An immigrant who has committed what's called a "crime involving moral turpitude" (CIMT or CMT) can be deported from or denied entry into the United States. Not every crime is considered morally wrong, however. For details on this, see What's a Crime of Moral Turpitude According to U.S. Immigration Law? Also, even if you have committed a CIMT and are thus "inadmissible," you might still be eligible for a visa or green card if it qualifies as a "petty offense." We'll discuss how this works below.
(For the law on this matter, see § 212(a)(2)(A)(ii)(II) of the Immigration and Nationality Act or I.N.A.; or 8 U.S.C. §1182(a)(2)(A)(ii)(II).)
A crime involving moral turpitude is considered a "petty offense" if:
Don't make the mistake that some people do and assume that a misdemeanor will likely qualify as a petty offense but a felony will not. No matter how the crime is named and classified, you have to use the two-part test described above. Some felonies might actually fit within the petty offense exception, while many misdemeanors will not.
State laws vary as to how they name and assign maximum sentences to crimes, so whether your offense qualifies as "petty" will depend very much on state law.
In order to show that your offense was a petty one, you will need to provide the U.S. government official who is ruling on your immigration application with:
Procedures for obtaining a certified record of your conviction vary from court to court. You or your attorney should be able to get the records you need by contacting the clerk of the court in which you were convicted.
You should also provide the language of the statute under which you were convicted. You can find most statutes on state websites or at the public library. Many state and municipal statutes have separate criminal and sentencing provisions, and you will need to make sure to include both so that you can prove that the maximum sentence fits within the exception.
The petty offense exception works only to excuse crimes involving moral turpitude. Many offenses, including controlled substance violations, cannot be excused by the petty offense exception.
It is also important to understand that the petty offense exception can apply to only one offense. If you have committed two or more crimes involving moral turpitude, you will not be able to benefit from the petty offense exception regardless of the maximum sentence and amount of time you served.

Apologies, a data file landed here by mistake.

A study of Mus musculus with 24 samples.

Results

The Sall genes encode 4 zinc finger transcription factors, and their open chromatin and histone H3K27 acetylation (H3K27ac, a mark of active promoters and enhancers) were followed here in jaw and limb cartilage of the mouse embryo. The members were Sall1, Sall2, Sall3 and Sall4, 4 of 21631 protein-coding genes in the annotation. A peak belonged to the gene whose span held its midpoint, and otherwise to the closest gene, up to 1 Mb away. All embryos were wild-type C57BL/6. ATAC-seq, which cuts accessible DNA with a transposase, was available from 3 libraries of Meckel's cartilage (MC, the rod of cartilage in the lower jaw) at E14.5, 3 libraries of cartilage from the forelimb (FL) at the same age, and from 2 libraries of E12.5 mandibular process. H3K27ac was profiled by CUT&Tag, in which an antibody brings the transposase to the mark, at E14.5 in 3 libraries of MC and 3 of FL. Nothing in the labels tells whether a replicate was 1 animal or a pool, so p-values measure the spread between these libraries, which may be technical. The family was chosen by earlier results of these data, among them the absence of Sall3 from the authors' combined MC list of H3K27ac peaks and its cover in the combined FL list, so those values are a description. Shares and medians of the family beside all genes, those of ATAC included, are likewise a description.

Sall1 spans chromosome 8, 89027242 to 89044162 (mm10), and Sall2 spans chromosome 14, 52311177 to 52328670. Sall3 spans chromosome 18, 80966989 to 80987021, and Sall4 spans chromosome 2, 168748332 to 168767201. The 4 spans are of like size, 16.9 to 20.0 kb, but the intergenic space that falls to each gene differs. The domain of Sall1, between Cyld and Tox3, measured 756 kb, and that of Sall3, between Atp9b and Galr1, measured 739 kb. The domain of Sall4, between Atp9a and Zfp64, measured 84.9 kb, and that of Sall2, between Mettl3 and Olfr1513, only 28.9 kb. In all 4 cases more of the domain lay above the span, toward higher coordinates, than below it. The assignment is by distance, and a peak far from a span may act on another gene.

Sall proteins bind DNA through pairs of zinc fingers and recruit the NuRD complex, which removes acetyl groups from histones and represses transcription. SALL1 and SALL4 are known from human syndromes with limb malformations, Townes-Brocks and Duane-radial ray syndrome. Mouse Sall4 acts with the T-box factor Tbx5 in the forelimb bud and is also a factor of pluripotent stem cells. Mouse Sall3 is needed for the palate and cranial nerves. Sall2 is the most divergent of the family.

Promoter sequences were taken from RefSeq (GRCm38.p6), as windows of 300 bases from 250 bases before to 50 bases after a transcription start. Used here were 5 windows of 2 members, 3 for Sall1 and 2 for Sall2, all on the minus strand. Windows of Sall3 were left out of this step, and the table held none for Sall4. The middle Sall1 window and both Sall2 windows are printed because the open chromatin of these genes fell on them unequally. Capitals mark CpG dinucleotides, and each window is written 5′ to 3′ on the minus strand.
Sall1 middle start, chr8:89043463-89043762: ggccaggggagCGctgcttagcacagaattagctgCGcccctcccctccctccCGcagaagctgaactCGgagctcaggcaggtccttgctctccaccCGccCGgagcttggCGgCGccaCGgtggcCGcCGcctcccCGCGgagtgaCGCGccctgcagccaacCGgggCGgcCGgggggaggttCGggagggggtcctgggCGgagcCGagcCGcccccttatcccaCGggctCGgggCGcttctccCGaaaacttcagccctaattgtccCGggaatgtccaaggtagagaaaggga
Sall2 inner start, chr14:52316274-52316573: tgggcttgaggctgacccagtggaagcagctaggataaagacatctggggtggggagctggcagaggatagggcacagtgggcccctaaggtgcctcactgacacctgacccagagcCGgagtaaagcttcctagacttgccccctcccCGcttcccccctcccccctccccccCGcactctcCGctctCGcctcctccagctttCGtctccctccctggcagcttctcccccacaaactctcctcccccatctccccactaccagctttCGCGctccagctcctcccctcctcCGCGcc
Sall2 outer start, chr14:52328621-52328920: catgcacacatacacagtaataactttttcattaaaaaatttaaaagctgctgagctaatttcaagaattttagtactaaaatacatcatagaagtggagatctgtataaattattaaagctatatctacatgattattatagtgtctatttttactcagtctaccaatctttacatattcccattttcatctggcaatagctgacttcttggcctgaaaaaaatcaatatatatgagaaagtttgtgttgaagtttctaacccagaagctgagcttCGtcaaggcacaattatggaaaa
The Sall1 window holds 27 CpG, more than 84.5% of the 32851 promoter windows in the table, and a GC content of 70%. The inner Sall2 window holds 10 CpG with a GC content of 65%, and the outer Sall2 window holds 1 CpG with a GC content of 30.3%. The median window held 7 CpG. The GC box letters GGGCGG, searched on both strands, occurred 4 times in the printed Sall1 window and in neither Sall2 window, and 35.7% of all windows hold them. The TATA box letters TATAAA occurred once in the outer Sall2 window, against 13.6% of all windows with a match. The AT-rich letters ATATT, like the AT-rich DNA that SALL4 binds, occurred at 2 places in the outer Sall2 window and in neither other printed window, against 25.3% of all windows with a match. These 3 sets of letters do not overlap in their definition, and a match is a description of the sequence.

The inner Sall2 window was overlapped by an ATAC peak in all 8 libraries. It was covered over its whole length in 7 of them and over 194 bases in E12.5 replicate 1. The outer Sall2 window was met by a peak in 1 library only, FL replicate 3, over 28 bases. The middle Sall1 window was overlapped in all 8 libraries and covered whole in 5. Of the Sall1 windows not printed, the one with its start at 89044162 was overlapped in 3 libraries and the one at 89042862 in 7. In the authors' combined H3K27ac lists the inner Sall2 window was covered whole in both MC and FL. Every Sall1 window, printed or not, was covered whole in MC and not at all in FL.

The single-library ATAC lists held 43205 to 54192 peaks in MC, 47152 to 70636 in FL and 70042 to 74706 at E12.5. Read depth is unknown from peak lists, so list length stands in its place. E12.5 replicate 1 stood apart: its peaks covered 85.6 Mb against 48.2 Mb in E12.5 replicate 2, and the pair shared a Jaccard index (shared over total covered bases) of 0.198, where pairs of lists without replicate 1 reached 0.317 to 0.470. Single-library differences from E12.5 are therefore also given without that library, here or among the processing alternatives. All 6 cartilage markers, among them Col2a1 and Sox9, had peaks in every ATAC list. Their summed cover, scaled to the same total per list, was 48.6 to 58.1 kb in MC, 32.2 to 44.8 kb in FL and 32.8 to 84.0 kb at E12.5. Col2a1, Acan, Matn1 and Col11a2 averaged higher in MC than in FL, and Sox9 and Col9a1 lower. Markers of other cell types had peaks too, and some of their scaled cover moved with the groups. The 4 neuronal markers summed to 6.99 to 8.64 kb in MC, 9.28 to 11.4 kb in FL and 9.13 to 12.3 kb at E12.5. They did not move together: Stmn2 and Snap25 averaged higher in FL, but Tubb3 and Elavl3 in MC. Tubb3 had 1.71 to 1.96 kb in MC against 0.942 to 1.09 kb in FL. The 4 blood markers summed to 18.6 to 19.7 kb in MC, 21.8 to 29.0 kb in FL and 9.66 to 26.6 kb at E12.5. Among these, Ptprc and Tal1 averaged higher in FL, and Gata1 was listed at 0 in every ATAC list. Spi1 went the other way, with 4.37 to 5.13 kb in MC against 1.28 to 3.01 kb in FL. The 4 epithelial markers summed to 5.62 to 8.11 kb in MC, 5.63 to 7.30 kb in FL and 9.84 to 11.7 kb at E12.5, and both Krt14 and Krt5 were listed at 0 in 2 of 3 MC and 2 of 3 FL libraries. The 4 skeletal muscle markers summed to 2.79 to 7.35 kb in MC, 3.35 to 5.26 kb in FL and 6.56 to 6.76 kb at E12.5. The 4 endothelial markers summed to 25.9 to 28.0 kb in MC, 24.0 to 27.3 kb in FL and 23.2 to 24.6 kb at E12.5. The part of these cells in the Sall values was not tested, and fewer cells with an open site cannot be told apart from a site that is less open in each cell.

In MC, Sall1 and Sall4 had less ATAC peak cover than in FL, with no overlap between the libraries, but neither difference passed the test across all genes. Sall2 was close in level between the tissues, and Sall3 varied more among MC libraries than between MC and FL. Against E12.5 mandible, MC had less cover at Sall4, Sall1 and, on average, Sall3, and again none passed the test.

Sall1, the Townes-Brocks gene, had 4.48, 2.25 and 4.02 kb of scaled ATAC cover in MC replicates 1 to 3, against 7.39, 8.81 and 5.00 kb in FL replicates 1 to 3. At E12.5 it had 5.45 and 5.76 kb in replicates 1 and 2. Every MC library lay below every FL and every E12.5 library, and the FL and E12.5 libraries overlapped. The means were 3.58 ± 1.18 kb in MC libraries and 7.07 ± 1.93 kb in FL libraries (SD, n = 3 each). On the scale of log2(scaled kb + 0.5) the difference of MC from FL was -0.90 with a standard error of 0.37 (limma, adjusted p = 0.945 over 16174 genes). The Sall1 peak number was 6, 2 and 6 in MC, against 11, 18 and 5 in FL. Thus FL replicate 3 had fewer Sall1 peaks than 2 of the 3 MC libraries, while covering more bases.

The rules are a bit different if you are applying for cancellation of removal for nonpermanent residents (described in Green Card Through Cancellation of Removal (Non-LPR): Who Qualifies?) or if you are defending against having your green card revoked.
This is because the criminal grounds of deportability (detailed in Section 237(a)(2) of the I.N.A.) apply in such cases, while they do not apply to most people seeking visas. Due to slightly different wording in this section of the statute, you might still be deportable unless the maximum possible penalty for your offense was less than one year's imprisonment, rather than one year or under.
Thus a person convicted of a second degree misdemeanor with a maximum sentence of one year would be ineligible for cancellation of removal, even though he or she could still benefit from the petty offense exception when applying for a visa or naturalization.
The petty offense exception provides a way for immigrants convicted of certain crimes involving moral turpitude to remain eligible for admission to the United States. A particular advantage is that if you can show that your crime was a petty offense, you will not need to seek a waiver—that is, request special legal forgiveness—for that offense in order to proceed with an application for U.S. immigration benefits.
Like all criminal issues in immigration law, however, the petty offense exception is complicated and its application depends on your crime, the eligibility requirements for the immigration benefit you are seeking, and other details of your case. It is best to see an experienced immigration attorney to help you determine how to proceed.